Nikki Wallman discovers a secret glamping getaway on NSW’s South Coast
This might just be the most enjoyable shower I’ve ever had in my life.
Warm water is streaming down from the rain shower-head above, washing off the sun-dried salt from my afternoon swim at the deservedly-named Pretty Beach, a short drive from our luxury tent, hidden away in Bawley Point on the private property ‘Murrameroo’.
I peer out from an open space between the shower’s corrugated iron wall and the pitched canvas overhead. A symphony of cicadas wafts in on warm breaths of gumtree-scented air as I absorb the panorama of bushland, tinted golden by the setting sun. Beyond lies the ocean, a brushstroke horizon of pinky greys and blues. There is not another soul in sight, besides my husband, who’s gone all Bear Grylls starting a fire out front.
It’s soul-soothingly blissful, yet one thought keeps interrupting my serenity: I should’ve listened to Sandy.
When I’d booked this secret getaway through website Airbnb, Sandy, the lovely owner, had gently suggested “there is too much paradise” to fit into a one-night stay. But one night is all we have right now and we’re desperate to ‘go bush’; to swim at the beach, sit by a fire and sleep the sleep of the dead. So, lacking the time, resources or energy for a traditional camping getaway, we’ve decided to try glamping.
Glamping – ‘glamorous camping’ – usually involves a permanent tent with creature comforts from electricity and running water, to iPod docks and gourmet dining. It’s not an entirely new concept: Paperbark Camp, arguably the pin-up girl of Australian glamping, is about an hour’s drive north at Jervis Bay; but it’s a trend that has spread from Uluru to Broome’s Eco Beach. Unlike most other offerings, however, Murrameroo is a totally private set-up; just you in your lone tent, on a hill. And this privacy is sacred – guests are asked not to disclose the property’s address or location to others, or on social media.
The authentic African safari tent is spacious and shabby-chic, decked out with sitting chairs, patterned rugs, lamps and a comfy bed; shelves are stacked with essentials like extra bedding, crockery and magazines. It’s a self-catered stay, so there’s also a small fridge, toaster and kettle neatly tucked into one corner. A stone-floored en suite lies behind the rear tent zipper, where my shower awaits, along with thoughtful touches from fluffy towels to scented candles. But pride of place is the front deck, perfect for admiring the views from your little patch of hilltop heaven.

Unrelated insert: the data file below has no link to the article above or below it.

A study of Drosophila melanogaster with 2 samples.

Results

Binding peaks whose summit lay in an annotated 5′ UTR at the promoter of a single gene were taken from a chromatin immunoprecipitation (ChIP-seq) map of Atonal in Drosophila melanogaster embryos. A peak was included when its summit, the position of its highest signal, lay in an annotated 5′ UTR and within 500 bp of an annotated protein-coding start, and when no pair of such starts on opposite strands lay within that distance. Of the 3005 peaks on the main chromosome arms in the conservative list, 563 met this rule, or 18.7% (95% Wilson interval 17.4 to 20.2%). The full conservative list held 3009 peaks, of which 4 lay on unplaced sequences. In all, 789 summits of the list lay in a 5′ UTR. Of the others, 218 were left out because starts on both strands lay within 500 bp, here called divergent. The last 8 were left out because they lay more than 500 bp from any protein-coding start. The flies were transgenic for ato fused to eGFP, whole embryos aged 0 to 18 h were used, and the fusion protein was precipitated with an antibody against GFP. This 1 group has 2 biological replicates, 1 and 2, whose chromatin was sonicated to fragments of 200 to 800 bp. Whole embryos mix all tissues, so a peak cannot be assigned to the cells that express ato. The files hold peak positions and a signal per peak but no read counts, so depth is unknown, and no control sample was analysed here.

Down below, the small enclave of Bawley Point has that South Coast magic; a nostalgic beachside escape from holidays past that appears to have been lost in time. Crescents of crowdless white sand hug aquamarine waters, while cow-dotted hills sprawl minutes from the beach with a charming small-town vibe in the air. It’s untamed, yet calm; we spot two enormous stingrays lazily lapping in the shallows at Bawley Beach, where we’re told dolphins and whales are regular visitors, too. Kangaroos roam freely near our tent, while the birdsong soothes or startles, depending on the time of day.
The Bawley Beach Café down the road does simple food, really well; we go for corn fritters that pop in the mouth, with poached eggs and bacon. They also do a cracking coffee and milkshakes in classic steel cups. The Merry Street Restaurant comes highly recommended, but we opt to chop mangoes, avos and tomatoes on the deck’s trestle table; cook barramundi over the fire pit and wash it down with white wine, before stargazing as we clutch mugs of tea – from a kettle, not a billy. It’s the perfect blend of comfort and camping, and I desperately wish we had another night here.
We really, really should have listened to Sandy.
The perfect escape for bone-weary city slickers: enough comfort to want for nothing; yet with nothing to distract you from the stunning beauty and stillness of the natural surroundings.
The detailed guidebook supplied by our host. From secret beaches to local wildlife and the best artisan bakeries in the area, we felt like we’d been given a magic key to unlocking the best of Bawley.
While we were advised to bring all food and drink supplies, basics like olive oil and alfoil would’ve been handy.
Shhhh… it’s a secret. But Bawley Point is about 20 minutes’ drive south of Ulladulla, NSW.
We paid $170 (plus $20 booking fee) for one night through airbnb.com (just type in ‘Bawley Point glamping’). You’ll receive the contact details and address upon confirmation.
All AT reviews are conducted anonymously, and our writers pay their own way – so we experience exactly what you would.